Production Technology meets Industry 4.0 in reality
In our annual Summer School Production Technology meets Industry 4.0, which we have been hosting since 2016, our international students explore the latest inventions and developments in state-of-the-art production technology from different perspectives. In order to understand the topic holistically, they spend 3 weeks dealing with material science, machine optimization, human-machine interaction, factory planning and value chains of different industries.
Since the best way to learn is not only to deal with theory, all Summer School programs also include sessions for hands-on learning: case studies, institute visits, expert talks and company tours. The latter primarily to make students familiar with the German industry and spark their interest in internships or entry-level positions.
This year, we again had the honor of cooperating with the traditional German company Henkel for this Summer School.
Insights into Henkel's production processes and digitization strategies
Last Thursday, we were welcomed in Düsseldorf in the best rainy weather. After a brief introduction to the company's history, we were equipped with safety clothing and allowed to see for ourselves what a "Smart Factory" looks like in reality. Karima Lalee, Matthias Schmitz and Sarah Röllen from the Continuous Improvement Team showed us around the entire filling area and answered our questions about the production processes and machines.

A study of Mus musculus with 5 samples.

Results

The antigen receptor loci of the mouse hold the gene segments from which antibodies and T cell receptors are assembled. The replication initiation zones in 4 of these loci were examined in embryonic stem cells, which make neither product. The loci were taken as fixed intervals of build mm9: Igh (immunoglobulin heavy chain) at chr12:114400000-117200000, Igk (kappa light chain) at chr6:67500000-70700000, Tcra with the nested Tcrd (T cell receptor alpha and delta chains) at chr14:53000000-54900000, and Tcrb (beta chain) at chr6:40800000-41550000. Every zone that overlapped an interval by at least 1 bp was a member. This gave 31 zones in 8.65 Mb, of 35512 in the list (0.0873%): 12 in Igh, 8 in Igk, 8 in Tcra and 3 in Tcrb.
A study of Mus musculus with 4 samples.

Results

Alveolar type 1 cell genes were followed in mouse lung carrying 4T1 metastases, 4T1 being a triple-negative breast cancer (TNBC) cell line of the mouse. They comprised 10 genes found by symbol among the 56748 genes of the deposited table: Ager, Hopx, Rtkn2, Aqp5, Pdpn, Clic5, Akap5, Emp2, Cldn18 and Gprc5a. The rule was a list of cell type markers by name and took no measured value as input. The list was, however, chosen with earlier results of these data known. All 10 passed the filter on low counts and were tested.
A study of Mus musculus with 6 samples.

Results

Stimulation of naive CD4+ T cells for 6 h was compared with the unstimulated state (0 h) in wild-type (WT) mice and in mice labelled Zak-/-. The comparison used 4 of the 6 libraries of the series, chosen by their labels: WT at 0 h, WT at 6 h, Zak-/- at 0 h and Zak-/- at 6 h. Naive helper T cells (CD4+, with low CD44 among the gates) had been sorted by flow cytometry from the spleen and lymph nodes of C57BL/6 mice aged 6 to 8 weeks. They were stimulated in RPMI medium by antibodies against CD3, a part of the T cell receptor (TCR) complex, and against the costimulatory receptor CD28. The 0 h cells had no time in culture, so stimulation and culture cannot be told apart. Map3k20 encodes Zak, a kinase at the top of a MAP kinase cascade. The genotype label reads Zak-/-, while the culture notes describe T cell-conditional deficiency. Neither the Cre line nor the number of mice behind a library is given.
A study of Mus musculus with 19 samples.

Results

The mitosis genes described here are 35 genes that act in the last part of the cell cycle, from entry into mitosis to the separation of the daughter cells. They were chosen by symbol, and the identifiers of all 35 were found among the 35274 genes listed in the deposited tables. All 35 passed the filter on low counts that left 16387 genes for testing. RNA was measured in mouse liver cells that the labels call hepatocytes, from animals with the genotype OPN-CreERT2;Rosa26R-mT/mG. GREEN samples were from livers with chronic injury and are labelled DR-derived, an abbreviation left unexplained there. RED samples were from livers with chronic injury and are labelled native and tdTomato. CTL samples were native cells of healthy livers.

With the scent of detergent in our noses, we were able to see how well-known products such as "Persil Megaperls", "Somat" dishwasher tabs and "Perwoll" liquid laundry detergent, among others, are filled and stacked on pallets, while autonomous floor conveyor vehicles without drivers deliver necessary packaging material to the production lines.
After we had seen the production steps, the plant manager Dr. Rawina Benoit welcomed us back to the training room and answered our students' questions about the challenges of production and digitization in a plant with more than 120 years of history.
Marcel Welz then explained how the Holthausen plant is linked to the Henkel production network online and in real time via a "digital backbone" using state-of-the-art sensor, camera, laser and robot technology. This platform helps to meet increasing customer demands in terms of service and sustainability, while at the same time achieving cost savings and inventory reductions. In addition, the digital backbone allows Henkel plants to benchmark in real time and supports the exchange of best practices.